A soccer injury revealed a malignant tumor in a 12-year-old boy from China, prompting extensive surgery to prevent the cancer from spreading. To replace the boy's second vertebra, doctors turned to a 3D-printed implant.

With help from doctors from the Peking University Third Hospital, the Chinese boy became the first person in the world to receive a vertebral implant that was made using a 3D printer. Pre-fabricated implants could've been used, but the 3D-printed implant provided the doctors with a replacement vertebra that was as close to the original as possible.

This is thanks to a 3D printer's capability to basically copy any kind of design. The doctors created a 3D model that replicates the vertebra to be removed in the boy using titanium powder. The powder is a traditional material utilized in the production of implants, which allowed them to make a vertebral implant that not only perfectly mimics the boy's bone structure, but still also features the durability that pre-fabricated options offer.

The 3D-printed vertebra was also easier to implant because it did not require the use of cement or screws. Aside from perfectly copying the vertebra to be removed, the implant was also designed to have small holes or pores that would naturally allow the boy's bones to grow into it, providing a more permanent bond between the implant and the rest of his spine.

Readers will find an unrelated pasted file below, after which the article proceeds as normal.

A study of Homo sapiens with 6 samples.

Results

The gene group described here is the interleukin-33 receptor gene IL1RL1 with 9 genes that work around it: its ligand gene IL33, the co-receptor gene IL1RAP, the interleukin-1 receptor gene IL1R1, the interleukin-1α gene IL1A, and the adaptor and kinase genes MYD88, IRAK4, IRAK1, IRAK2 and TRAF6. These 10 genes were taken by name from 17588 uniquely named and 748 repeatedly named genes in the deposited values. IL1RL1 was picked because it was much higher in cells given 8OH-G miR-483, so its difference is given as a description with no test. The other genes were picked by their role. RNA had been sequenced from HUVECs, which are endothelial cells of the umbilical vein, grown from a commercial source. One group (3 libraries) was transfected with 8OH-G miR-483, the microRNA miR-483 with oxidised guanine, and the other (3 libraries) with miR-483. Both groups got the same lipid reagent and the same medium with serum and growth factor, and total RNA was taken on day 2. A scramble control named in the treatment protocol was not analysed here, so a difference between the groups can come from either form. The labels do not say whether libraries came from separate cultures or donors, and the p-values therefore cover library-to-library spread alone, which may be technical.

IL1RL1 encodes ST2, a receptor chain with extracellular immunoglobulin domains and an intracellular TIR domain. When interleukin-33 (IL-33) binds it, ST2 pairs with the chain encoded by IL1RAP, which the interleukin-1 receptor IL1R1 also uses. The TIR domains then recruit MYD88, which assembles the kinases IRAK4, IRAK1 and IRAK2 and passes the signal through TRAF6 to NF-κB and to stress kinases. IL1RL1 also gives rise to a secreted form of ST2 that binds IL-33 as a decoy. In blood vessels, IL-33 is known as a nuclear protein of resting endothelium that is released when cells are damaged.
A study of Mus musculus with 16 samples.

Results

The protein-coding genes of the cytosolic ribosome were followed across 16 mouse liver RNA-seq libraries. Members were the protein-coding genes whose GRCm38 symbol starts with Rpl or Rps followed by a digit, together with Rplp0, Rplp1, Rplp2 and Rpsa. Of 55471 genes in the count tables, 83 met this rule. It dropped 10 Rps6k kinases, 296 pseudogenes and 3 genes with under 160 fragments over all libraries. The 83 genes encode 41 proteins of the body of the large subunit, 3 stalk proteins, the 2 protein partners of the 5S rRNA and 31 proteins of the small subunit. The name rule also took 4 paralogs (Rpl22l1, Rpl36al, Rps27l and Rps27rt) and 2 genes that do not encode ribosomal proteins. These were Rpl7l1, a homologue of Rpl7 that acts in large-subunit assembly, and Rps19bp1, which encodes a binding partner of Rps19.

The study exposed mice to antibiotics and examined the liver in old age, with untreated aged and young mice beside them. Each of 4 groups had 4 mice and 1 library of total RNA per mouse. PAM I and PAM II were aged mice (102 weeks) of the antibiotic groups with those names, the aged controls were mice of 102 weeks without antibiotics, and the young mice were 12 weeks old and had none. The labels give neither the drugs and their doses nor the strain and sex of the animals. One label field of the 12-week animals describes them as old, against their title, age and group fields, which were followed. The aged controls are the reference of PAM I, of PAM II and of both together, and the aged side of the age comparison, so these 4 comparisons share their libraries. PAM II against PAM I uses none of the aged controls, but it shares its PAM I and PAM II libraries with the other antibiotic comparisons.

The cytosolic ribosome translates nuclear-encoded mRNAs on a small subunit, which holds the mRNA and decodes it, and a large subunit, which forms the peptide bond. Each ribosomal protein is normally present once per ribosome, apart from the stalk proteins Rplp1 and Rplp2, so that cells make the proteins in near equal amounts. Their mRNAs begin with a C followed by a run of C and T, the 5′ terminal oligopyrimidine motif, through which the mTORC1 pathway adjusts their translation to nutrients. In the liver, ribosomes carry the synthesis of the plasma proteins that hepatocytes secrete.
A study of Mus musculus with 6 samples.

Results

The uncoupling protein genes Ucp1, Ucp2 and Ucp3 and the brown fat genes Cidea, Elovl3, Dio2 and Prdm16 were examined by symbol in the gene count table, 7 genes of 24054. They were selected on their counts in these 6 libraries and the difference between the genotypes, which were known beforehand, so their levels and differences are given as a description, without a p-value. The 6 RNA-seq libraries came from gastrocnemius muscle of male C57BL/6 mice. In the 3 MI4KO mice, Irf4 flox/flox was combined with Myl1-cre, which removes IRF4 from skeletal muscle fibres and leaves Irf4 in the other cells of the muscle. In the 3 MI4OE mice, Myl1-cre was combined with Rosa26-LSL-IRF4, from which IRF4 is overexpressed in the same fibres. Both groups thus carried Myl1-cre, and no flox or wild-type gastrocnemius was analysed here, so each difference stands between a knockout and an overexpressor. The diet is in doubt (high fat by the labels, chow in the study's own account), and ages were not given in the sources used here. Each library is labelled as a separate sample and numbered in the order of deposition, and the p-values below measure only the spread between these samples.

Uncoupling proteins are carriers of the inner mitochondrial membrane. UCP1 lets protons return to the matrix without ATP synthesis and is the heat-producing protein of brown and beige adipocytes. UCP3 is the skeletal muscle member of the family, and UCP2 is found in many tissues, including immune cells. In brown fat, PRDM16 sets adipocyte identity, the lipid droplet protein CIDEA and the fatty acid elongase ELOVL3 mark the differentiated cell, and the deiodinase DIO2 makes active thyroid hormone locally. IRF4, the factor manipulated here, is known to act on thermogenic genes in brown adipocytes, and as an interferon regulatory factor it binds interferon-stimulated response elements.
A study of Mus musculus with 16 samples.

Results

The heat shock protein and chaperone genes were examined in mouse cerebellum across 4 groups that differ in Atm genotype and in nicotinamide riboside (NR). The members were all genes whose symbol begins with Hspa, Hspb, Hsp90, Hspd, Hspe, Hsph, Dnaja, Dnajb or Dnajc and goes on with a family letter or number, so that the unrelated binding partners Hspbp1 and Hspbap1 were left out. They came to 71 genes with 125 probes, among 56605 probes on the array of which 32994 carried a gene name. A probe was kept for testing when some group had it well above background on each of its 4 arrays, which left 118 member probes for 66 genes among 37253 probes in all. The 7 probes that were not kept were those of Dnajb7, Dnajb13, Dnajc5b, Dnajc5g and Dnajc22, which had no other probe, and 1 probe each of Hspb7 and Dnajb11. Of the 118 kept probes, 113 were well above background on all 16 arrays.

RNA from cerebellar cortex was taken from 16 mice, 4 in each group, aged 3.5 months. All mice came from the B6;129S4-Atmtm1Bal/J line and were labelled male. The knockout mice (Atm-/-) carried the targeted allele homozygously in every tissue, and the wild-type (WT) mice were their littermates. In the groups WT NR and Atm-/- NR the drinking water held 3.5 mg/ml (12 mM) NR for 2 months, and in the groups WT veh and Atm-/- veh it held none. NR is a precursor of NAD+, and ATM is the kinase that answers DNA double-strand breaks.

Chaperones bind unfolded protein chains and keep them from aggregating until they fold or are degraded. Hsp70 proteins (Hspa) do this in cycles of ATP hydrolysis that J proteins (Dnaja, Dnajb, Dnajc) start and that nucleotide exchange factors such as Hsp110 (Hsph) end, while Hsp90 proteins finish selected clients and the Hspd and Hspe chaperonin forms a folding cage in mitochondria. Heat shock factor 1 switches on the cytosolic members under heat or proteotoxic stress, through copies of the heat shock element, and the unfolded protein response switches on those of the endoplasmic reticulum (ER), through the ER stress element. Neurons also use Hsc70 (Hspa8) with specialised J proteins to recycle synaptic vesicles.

After the five-hour surgery to replace the boy's second vertebra, he was fitted with gear to immobilize his neck and head for three months during his recovery. The real result of the surgery is yet to be seen, but the boy was already in good spirits five days after the procedure.

Guided by surgical needs and clinical experience, Peking University's Orthopedics Department began considering the use of 3D-printed implants in 2009. In 2010, the group headed by Liu Zhongjun started on animal trials with sheep as test subjects. When 3D-printed implants proved to be safe, human clinical trials took place in 2012.

Aside from vertebral implants, 3D printing technology has also been used by doctors at PUTH to recreate discs between vertebra. In the Netherlands, a replacement skull was also made for a woman while facial implants were produced for a man in Cardiff, both also with the help of a 3D printer.

In the U.S. alone, the demand for implantable medical devices is projected to grow to a $52-billion industry by 2015, with orthopedic implants as one of the fastest growing areas of the industry.